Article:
The Chibok girls still in Boko Haram captivity have reportedly refused to return home.
While 163 of the girls have been returned, over 100 are believed to be in the custody of the terrorist group.
The police on Wednesday paraded eight persons suspected to be involved in the kidnap of the 276 students from Government Girls Secondary School, Chibok Borno state.
Abba Kyari, assistant police commissioner of Lagos, told CNN that Mayinta Modu, a Boko Haram commander among those paraded, said the remaining girls have been married to Boko Haram commanders and are not coming back.
According to Modu, the girls have “accepted the Boko Haram doctrine and don’t see any reason to leave their husbands”.
Modu reportedly told the police that he was one of the Boko Haram commanders who “coordinated and led” the kidnapping in April 2014.
“They said many of the girls have accepted the Boko Haram doctrine and don’t see any reason to leave their husbands. It’s only those that were desperate to come that were released in that swap deal,” Kyari said.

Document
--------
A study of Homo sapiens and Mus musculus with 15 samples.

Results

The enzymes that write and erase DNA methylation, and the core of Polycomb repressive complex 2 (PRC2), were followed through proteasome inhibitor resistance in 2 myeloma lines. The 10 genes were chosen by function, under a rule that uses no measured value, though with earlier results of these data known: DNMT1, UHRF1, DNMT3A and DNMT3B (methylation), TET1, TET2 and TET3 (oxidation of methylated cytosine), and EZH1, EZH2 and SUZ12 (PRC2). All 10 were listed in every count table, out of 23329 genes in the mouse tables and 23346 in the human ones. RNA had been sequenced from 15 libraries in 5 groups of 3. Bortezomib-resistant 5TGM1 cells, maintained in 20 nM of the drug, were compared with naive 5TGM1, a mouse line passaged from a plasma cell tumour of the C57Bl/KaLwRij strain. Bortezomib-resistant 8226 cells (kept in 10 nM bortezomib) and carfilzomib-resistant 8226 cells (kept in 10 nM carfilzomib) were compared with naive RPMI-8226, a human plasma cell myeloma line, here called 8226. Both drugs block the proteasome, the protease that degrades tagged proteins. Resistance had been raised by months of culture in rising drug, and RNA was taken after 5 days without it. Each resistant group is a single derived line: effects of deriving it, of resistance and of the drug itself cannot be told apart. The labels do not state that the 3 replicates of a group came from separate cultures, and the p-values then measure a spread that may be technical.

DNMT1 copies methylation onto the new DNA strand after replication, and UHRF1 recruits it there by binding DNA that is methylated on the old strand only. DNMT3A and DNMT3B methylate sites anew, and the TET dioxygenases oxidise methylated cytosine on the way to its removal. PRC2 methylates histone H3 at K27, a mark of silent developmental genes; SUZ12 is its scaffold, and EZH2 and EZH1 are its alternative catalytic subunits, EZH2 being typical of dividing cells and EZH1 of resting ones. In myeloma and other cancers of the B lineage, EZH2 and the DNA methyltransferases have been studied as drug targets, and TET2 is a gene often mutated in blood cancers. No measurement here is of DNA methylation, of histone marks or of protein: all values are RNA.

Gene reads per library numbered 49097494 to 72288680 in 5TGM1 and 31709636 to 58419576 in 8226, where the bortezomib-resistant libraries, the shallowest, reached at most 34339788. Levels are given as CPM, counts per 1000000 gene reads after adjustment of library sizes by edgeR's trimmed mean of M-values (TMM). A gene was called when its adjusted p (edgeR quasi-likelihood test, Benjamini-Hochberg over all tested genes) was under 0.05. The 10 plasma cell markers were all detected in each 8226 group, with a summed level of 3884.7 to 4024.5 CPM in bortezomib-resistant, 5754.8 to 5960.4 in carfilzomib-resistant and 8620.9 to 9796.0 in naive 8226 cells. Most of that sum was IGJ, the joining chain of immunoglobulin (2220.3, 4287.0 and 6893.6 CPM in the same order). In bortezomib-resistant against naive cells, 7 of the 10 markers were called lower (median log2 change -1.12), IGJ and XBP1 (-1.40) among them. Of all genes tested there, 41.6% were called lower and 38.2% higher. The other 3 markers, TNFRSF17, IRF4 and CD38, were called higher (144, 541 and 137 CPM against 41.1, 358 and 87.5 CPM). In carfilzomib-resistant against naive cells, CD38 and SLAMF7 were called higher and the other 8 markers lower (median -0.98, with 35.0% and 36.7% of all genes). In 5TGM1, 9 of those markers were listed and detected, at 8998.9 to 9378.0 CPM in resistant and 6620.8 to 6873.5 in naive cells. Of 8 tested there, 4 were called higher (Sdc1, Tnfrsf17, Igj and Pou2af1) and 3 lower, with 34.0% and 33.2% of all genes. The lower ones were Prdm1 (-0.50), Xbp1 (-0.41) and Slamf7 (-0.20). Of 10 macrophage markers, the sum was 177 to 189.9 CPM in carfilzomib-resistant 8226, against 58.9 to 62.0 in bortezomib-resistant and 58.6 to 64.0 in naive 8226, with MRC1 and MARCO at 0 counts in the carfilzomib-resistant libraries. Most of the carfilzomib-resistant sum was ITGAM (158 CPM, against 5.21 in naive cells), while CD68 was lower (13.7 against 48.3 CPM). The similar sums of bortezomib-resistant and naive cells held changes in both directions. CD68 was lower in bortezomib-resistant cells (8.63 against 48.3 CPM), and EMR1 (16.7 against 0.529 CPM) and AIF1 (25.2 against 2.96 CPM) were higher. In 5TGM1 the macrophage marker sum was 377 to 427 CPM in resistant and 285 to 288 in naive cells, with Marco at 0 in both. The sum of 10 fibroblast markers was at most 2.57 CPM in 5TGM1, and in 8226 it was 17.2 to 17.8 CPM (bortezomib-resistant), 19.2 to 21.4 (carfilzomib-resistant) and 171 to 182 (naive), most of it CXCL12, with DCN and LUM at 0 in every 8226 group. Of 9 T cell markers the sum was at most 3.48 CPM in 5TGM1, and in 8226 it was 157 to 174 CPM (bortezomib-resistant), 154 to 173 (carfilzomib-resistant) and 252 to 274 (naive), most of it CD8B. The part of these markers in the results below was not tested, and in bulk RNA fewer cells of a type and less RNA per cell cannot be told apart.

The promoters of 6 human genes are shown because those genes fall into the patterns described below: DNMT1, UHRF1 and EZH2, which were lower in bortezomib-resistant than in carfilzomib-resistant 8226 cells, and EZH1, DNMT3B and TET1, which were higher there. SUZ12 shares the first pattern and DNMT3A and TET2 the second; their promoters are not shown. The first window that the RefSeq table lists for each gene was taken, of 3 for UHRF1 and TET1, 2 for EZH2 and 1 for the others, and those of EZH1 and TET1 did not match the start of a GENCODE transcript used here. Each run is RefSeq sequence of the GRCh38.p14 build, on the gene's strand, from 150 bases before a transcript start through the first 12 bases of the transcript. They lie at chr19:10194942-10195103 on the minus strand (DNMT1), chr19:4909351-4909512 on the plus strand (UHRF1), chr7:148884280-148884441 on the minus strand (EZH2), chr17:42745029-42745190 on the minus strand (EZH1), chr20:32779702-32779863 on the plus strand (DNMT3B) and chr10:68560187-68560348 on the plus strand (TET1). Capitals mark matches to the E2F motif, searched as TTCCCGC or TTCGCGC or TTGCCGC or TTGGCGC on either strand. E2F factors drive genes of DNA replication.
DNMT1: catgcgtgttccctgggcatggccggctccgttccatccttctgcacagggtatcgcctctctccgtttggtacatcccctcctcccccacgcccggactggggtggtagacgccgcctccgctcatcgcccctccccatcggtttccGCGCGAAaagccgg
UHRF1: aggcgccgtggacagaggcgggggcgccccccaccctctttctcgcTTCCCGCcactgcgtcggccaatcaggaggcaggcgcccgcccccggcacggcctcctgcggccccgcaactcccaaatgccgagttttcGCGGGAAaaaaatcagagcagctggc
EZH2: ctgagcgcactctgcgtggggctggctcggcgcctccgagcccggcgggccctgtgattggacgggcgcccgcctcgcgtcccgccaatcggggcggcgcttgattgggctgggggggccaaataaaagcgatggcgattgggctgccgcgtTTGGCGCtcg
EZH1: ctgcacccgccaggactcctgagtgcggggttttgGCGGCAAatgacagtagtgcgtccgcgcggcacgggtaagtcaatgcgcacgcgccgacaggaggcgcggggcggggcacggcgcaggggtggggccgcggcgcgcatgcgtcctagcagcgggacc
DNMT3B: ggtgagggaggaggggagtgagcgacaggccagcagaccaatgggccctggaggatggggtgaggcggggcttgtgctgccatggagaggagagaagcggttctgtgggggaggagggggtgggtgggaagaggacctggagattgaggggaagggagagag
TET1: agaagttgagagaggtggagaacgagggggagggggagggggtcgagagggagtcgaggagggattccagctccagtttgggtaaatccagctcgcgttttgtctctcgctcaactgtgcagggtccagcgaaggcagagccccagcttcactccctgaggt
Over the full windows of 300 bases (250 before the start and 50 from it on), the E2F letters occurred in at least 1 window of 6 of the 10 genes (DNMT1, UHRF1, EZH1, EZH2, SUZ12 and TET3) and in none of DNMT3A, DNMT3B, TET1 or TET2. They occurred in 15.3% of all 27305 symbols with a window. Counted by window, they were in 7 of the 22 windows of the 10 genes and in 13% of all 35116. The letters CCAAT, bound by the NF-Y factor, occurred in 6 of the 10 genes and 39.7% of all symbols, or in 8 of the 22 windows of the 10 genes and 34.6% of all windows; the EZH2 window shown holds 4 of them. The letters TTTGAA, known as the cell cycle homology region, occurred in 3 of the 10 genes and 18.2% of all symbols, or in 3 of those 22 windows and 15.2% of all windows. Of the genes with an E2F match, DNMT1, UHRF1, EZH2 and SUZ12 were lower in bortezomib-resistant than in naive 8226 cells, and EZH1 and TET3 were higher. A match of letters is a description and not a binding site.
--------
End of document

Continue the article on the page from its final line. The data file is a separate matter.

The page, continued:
“They confessed that they were part of the group that kidnapped the Chibok girls. One of them, a commander said they were over a 100 members of the militant group took part in that abduction.”
Ahmad Salkida, a journalist known to have access to the leadership of Boko Haram, had in April said only 30 of the girls were still alive.
Salkida said most of them died as a result of crossfire and bombardments of the security forces. He also said the girls still alive are no longer under the control of Abubakar Shekau, leader of the sect.
He said they have been married off, adding that their fate can only be determined by their husbands.
Salkida explained that no negotiation, including ransom, could secure their release, except they are divorced from their husbands.
In June 2017, Aisha, wife of a suspected Boko Haram commander, abandoned her family home in Maiduguri, Borno, taking along her son.
Aisha was one of the girls rescued by the army in a raid on the militants’ Sambisa forest base in 2016.
She was one of the 70 women and children who finished a nine-month deradicalisation programme in February 2017.